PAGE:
This week I’m sharing an old (ish – 11 years) photo of someone very old. My Nana. Like all the old (that’s pre-2009 to me) photos I post on here, I just took a photo of the print with my digital camera as my scanner isn’t working. Sometimes I even do that with post-digital ones because it drives me mad trying to find the right disc. No, before you ask, they’re not filed and organised in a logical order.
Anyway, my Nana was my Dad’s mum and I’ve never blogged about her before. This is her meeting my eldest son, her second great-grandchild, back in 2001. She went on to have six great-grandchildren before she died – with me very generously providing 50% of them.
Nana was a proud lady. I didn’t know her quite as well as I knew my other grandparents. Her husband, my Grandad who died when I was 3, was the mayor and a prominent councillor. There were some lovely photos of my Nana in her heyday dressed up as the mayoress.
My Nana was born in 1914, the youngest of four children. Nana grew up on a farm and her two brothers were farmers until they died. My Grandad was a milkman with his own business and my dad and his brothers used to deliver milk. In the war, my Grandad was a fireman.
My Nana had four sons and she loved boys. Her house was always crammed with food as if she still had four grown men living with her. Between them, her sons produced four grandaughters and two grandsons – with my Dad putting in the majority of the work!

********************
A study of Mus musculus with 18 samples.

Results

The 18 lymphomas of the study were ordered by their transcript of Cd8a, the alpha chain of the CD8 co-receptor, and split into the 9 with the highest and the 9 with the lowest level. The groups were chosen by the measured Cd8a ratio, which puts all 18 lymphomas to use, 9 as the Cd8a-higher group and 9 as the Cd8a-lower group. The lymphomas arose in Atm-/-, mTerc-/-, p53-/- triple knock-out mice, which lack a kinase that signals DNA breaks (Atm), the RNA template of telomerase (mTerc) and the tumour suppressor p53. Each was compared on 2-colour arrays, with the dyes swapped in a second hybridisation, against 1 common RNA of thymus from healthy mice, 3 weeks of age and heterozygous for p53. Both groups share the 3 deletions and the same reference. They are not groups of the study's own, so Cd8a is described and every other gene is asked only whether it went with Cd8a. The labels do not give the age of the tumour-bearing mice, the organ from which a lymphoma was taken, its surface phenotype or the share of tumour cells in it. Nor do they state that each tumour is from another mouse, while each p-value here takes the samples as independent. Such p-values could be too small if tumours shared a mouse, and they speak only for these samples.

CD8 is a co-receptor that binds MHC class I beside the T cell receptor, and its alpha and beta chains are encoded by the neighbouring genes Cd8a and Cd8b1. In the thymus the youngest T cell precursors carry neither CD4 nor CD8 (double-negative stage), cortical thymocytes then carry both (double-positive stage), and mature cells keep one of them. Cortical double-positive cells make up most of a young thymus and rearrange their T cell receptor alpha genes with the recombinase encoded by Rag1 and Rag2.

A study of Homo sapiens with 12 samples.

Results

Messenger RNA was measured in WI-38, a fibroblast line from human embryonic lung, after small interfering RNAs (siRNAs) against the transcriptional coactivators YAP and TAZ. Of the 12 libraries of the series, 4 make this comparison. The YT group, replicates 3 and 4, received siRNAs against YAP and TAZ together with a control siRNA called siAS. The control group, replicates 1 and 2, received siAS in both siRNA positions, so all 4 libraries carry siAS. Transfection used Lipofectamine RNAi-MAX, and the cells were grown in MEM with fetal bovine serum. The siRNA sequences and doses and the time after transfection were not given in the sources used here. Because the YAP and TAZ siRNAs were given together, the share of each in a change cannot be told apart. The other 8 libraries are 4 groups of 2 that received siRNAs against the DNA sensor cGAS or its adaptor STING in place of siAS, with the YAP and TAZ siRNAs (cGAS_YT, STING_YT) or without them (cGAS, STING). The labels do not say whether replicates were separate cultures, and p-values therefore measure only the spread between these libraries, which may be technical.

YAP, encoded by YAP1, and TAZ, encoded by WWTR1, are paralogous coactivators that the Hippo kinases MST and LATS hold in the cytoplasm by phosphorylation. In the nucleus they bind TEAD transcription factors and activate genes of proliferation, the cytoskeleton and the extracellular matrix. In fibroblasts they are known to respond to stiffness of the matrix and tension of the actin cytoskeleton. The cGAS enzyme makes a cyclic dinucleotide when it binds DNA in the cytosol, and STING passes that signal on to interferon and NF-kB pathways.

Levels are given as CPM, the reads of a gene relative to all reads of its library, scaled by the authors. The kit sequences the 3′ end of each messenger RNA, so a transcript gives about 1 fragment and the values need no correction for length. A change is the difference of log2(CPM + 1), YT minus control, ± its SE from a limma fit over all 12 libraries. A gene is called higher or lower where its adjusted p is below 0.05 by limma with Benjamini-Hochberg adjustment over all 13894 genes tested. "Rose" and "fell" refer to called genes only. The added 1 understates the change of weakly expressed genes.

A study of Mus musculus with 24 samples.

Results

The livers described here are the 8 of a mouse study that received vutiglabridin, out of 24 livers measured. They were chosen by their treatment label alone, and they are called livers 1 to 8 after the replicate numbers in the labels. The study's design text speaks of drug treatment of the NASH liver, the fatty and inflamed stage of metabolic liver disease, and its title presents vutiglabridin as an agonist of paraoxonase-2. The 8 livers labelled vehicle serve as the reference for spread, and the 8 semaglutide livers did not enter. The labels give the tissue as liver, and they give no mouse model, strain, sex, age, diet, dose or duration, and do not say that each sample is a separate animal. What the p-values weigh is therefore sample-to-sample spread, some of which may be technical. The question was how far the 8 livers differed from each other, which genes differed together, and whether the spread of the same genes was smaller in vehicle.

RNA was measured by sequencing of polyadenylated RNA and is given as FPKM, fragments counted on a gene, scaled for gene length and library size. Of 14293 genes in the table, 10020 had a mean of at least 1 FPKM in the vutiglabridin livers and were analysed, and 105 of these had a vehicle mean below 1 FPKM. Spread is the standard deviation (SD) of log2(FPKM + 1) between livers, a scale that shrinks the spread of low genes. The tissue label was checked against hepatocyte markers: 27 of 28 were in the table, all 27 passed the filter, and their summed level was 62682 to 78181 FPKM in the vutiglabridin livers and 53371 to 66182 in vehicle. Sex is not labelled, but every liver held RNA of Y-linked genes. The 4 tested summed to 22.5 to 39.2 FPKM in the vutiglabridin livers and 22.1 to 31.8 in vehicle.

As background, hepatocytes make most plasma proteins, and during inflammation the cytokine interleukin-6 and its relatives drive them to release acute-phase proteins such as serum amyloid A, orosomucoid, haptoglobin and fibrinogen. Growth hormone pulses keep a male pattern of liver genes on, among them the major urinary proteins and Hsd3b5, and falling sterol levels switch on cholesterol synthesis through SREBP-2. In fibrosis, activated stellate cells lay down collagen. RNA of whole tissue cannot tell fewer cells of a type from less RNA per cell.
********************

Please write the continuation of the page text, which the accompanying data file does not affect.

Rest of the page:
My Nana was tall and elegant and she always had white, curly hair – even well before I was born.
For as long as I could remember, she was troubled by a bad leg. She had hip replacement after hip replacement, but things always went wrong. Her mobility was poor for a really long time. Even when I was 18, I remember her struggling to get up the small step into my mum and dad’s front door. In later years, she was forced to use a wheelchair when she left the house, which she hated. It didn’t fit with the image of the proud mayoress, so she rarely left the house.
She grew forgetful. She probably should have gone into a care home, but she would have hated it. She was happy in her house which was a bit too big for her, surrounded by a lifetime of memories. So she had a full-time live-in care assistant in her final months.
I wanted to share a photo of her meeting my daughter instead, but I couldn’t find it. I think the photo I had in mind was one of my Dad’s rather than one of mine. The photo wasn’t as old, but she was older. It was the last time we saw her before she died. She was also the only one of my grandparents to meet my daughter. You can read about Granny and Grandad here. They knew both my boys, but died before my daughter was born. Grandad at least knew I was expecting her.
Six years ago, the troublesome leg got infected. There was nothing that could be done. She had it amputated. She went back home, but she didn’t last long.
My Nana died in February 2007, at the age of 92. She’d outlived all her siblings and in-laws and survived far longer than anyone could ever have imagined. But she’d been strong and a fighter and determined. She’d carried on for as long as she possibly could.
This post was written in response to The Gallery prompt at Sticky Fingers.